Indians and Chinese more willing to trade privacy for 5G speeds


Only 21% of U.S. consumers would accept lower privacy standards in return for much higher speeds, according to a new 5G survey by Politico/Qualcomm, while more than 60% of consumers in China, India, and Brazil would be willing make such a compromise. Relative to current speeds, 5G would be up to 100 times faster.

The split could create friction internationally over privacy standards adopted in the age of 5G and possibly result in a fractured set of policies regulating the ways networks are monetized, advertised, and used.

The survey results also showed a split among countries regarding consumer trust in corporations to protect their privacy and securely store their personal data. Just 7% of consumers surveyed said they had a “great deal of trust” that companies would be careful gatekeepers of their personal information. This finding comes after big privacy scandals in the U.S. in the past few years, such as Facebook’s Cambridge Analytica data breach.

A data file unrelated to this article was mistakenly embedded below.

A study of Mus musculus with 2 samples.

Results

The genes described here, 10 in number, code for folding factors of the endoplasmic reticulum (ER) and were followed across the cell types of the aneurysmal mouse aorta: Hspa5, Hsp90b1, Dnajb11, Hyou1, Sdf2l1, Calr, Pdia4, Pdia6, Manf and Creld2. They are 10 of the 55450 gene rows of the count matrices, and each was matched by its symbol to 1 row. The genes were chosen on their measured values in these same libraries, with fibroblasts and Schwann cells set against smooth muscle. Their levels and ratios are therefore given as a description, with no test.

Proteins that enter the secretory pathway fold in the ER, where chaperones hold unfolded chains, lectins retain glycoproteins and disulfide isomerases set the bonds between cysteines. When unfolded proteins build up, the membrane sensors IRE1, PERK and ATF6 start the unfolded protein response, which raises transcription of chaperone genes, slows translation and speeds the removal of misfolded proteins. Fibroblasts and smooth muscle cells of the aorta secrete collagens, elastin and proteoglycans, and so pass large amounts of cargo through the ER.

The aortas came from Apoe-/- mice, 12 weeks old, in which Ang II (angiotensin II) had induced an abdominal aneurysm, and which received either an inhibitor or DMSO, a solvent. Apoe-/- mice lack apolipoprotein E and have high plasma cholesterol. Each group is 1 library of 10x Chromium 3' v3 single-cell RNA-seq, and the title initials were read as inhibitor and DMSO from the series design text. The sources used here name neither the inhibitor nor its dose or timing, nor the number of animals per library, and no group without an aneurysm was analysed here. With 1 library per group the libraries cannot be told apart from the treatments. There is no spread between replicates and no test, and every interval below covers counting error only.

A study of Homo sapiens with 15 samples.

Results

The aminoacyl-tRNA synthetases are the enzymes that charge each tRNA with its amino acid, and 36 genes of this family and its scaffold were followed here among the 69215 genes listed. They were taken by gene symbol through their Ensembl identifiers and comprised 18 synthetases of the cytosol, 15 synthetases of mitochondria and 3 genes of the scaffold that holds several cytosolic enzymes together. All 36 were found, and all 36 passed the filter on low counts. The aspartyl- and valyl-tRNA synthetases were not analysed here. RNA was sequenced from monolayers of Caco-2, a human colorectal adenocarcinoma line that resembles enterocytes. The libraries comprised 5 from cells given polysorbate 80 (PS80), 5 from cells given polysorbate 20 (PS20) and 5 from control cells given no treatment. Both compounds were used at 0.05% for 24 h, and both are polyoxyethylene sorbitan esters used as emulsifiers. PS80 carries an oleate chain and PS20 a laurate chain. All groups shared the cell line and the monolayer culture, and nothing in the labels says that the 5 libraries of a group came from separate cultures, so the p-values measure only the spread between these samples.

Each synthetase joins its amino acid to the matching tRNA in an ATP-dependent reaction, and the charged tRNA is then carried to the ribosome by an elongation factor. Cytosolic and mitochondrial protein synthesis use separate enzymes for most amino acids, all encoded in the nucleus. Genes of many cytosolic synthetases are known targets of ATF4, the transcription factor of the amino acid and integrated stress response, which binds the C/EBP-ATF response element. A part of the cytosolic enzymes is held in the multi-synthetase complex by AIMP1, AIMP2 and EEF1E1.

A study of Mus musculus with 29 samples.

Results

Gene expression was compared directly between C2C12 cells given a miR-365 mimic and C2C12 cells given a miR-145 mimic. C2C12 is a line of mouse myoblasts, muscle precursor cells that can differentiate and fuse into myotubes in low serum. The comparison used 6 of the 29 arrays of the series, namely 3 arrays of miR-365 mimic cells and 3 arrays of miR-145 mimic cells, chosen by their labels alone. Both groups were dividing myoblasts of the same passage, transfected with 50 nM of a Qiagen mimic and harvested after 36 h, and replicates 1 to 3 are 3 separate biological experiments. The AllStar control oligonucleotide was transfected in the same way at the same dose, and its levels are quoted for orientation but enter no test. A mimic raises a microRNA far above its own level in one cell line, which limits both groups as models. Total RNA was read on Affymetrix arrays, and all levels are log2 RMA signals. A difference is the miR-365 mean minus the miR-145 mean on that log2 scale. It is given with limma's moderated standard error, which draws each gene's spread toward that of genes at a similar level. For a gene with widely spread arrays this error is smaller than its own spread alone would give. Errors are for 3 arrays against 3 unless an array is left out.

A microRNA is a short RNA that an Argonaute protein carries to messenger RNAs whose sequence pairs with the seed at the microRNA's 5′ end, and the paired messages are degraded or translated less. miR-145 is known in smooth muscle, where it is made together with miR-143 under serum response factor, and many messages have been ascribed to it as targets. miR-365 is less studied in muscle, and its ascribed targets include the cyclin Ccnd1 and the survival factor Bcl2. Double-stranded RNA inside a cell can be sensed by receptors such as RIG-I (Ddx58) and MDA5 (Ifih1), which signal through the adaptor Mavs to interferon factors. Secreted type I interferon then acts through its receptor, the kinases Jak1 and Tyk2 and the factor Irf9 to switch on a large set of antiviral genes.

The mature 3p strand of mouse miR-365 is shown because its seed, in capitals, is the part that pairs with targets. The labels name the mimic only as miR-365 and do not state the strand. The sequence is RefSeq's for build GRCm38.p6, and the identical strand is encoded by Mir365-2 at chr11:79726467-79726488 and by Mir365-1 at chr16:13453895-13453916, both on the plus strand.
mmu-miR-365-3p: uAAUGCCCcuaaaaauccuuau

In China, however, 38% of consumers expressed trust in corporations to safeguard their personal data, as did 65% in India.

American, Brazilian, and Japanese consumers said, however, that they trust corporations more to guard their privacy than the government, the survey found. Seventy percent of Chinese respondents said they would rather trust the government.

Most countries around the globe are currently moving quickly to build new 5G networks. Consumers hope that it will bring a number of economic benefits, such as more powerful artificial intelligence and smarter machine-learning tools, a host of internet-connected devices such as kitchen appliances, new kinds of health monitors, and driverless automobiles.

Regarding 5G technology in the U.S., President Trump said last month at the World Economic Forum in Davos, Switzerland, that “I think we’re far advanced, much further than people understand.”

“We got off to a very late start before I got here. But once I got here, we’ve really caught up,” Trump said.